Diversity and inclusion has been a big buzzword in the HR landscape in recent times, especially over the past 5 years. However, a common pitfall of this phrase is that oftentimes, a lot of attention is paid to the “diversity” aspect, while the “inclusion” aspect falls by the wayside. With retention being a critical consideration for many companies in the face of the Great Resignation we have seen unfold over the past 2 years, it is imperative that employers not only strive to cultivate a diverse workforce, but are also constantly pushing towards a culture of belonging where everyone feels heard and valued.
Here are a few tips to help you and your company start strong with your disability inclusion journey in 2023!
Rethink your recruitment process
Consider your current hiring practices, from how you design your job descriptions to how you approach the onboarding process. Do your job descriptions contain large blocks of text and unnecessary jargon or acronyms? Are your psychometric tests screening out neurodivergent individuals who may not answer the questions in the expected way? During your interview process, are candidates penalised for stimming, avoiding eye contact or taking long pauses to process questions before they answer? Do you set expectations in advance with your hires as to what their first days and weeks with your company will look like? Are your inductions inclusive of people who may find social scenarios such as icebreakers and team-building activities? Asking yourself these questions is a good starting point to ensure you’re not screening out some amazing talent before they get a foot in the door!
Consider how to improve self-disclosure
Ask your HR department to examine the current disclosure percentage. It can be easy to believe that because nobody has disclosed a disability to HR, you don’t have any employees with disabilities at your company, but with 1 in 5 of the world’s population believed to be neurodivergent and around 8 in 10 people with disabilities having a non-apparent disability, this is unlikely to be the case. There are a variety of reasons why someone may not choose to disclose their disability to HR or to their managers, and it is important that the decision to disclose isn’t something your colleagues feel pressured into. However, what you can do is foster an open culture in which someone would feel comfortable disclosing without fear of judgement or prejudice. If you find your disclosure rates are low, the next question you must ask yourself is: “what can I do to encourage self-disclosure?”. If any line managers or members of your leadership team openly identify as disabled and feel comfortable speaking about it, encourage them to share their experiences and lead by example. Have lunch and learns or training sessions on disability to show your workforce that you are engaged and willing to learn in this area. Start an Employee Resource Group (yes, even if you don’t think there are any people with disabilities where you work) and show that your company is invested in and committed to evolving towards a culture where people with disabilities get the support they need and feel like they belong.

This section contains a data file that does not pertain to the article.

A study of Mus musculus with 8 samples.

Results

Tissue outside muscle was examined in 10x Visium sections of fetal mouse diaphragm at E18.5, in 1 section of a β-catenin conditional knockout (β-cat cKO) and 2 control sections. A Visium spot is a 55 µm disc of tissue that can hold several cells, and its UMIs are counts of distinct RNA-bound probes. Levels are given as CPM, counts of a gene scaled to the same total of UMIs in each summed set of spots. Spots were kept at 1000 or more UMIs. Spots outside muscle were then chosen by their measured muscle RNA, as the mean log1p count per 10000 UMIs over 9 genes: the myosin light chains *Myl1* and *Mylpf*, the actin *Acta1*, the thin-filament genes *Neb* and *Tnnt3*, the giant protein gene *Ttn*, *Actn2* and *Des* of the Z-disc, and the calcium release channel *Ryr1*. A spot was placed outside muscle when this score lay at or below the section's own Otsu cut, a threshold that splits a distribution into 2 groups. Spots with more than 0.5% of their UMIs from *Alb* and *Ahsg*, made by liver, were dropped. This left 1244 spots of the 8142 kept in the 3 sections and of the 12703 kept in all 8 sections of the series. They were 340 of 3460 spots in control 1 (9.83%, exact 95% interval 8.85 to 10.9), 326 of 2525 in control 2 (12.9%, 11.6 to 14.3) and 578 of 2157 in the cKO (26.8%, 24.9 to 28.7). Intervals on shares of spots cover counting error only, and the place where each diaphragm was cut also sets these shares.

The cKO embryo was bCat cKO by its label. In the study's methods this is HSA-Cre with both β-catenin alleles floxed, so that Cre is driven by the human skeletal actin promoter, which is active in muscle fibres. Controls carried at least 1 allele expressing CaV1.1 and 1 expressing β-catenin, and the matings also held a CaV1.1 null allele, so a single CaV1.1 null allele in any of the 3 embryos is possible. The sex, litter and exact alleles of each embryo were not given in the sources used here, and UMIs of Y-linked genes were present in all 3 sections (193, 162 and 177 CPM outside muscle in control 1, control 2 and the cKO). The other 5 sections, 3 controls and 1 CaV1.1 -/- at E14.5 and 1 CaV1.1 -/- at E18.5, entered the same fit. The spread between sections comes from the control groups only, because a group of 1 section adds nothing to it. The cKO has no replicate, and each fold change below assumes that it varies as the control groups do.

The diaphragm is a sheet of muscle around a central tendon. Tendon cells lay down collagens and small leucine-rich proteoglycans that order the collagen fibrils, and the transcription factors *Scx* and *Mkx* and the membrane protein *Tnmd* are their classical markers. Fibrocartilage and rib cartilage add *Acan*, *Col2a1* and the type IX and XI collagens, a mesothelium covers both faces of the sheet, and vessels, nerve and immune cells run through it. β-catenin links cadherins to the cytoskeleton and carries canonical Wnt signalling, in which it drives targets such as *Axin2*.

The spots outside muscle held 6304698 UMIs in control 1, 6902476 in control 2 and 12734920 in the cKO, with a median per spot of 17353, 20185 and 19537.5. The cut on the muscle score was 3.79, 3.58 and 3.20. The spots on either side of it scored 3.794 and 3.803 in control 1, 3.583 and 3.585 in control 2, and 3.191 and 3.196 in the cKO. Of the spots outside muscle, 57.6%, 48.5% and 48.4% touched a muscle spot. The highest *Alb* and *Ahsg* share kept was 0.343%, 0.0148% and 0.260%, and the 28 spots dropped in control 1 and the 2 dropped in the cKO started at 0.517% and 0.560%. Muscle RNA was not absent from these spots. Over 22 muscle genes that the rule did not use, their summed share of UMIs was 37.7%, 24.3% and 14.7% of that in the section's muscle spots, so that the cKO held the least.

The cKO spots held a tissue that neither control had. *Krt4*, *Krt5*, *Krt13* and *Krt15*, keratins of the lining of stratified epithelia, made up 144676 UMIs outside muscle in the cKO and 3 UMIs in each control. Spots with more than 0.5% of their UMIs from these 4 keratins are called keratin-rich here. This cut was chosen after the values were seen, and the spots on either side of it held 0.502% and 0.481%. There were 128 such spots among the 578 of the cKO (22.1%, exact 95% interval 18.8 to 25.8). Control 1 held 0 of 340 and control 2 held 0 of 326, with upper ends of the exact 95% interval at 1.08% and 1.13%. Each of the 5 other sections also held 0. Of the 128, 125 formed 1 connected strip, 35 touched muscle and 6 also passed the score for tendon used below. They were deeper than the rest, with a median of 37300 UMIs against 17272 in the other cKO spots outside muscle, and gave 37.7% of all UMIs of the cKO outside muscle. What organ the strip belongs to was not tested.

Carry out a workplace assessment
Most people associate the term “workplace assessment” with employers evaluating a work environment with regard to a specific individual. However, there is nothing stopping you from doing your own audit of your office environment and ways of working to understand where there may be gaps in inclusivity. Consider the accessibility and sensory-friendliness of your office environment: are there bright fluorescent lights? If it is an open plan office with a lot of background noise, could there be a designated quiet room or meeting room that could be used for people with noise sensitivities? Is there a clear, easily navigable pathway to the lift in the building, unobstructed by obstacles such as lobby chairs and ideally, a short distance from the building’s entrance? Are the employees who have already disclosed their disabilities receiving adequate adaptations to thrive in their roles and have you explored what assistive technologies (speech to text software and spell check for dyslexia; mind-mapping software for ADHD; a screen reader for the visually impaired, etc) could be made available for them in the course of their employment? By ensuring your current employees with disabilities feel happy and provided for in their roles, this may help others come forward to disclose and attract talent looking for a company who is walking the walk when it comes to their approach to disability inclusion. Follow each of these steps and you’ll be well on your way to being a brand synonymous with “disability inclusion done right” in 2023!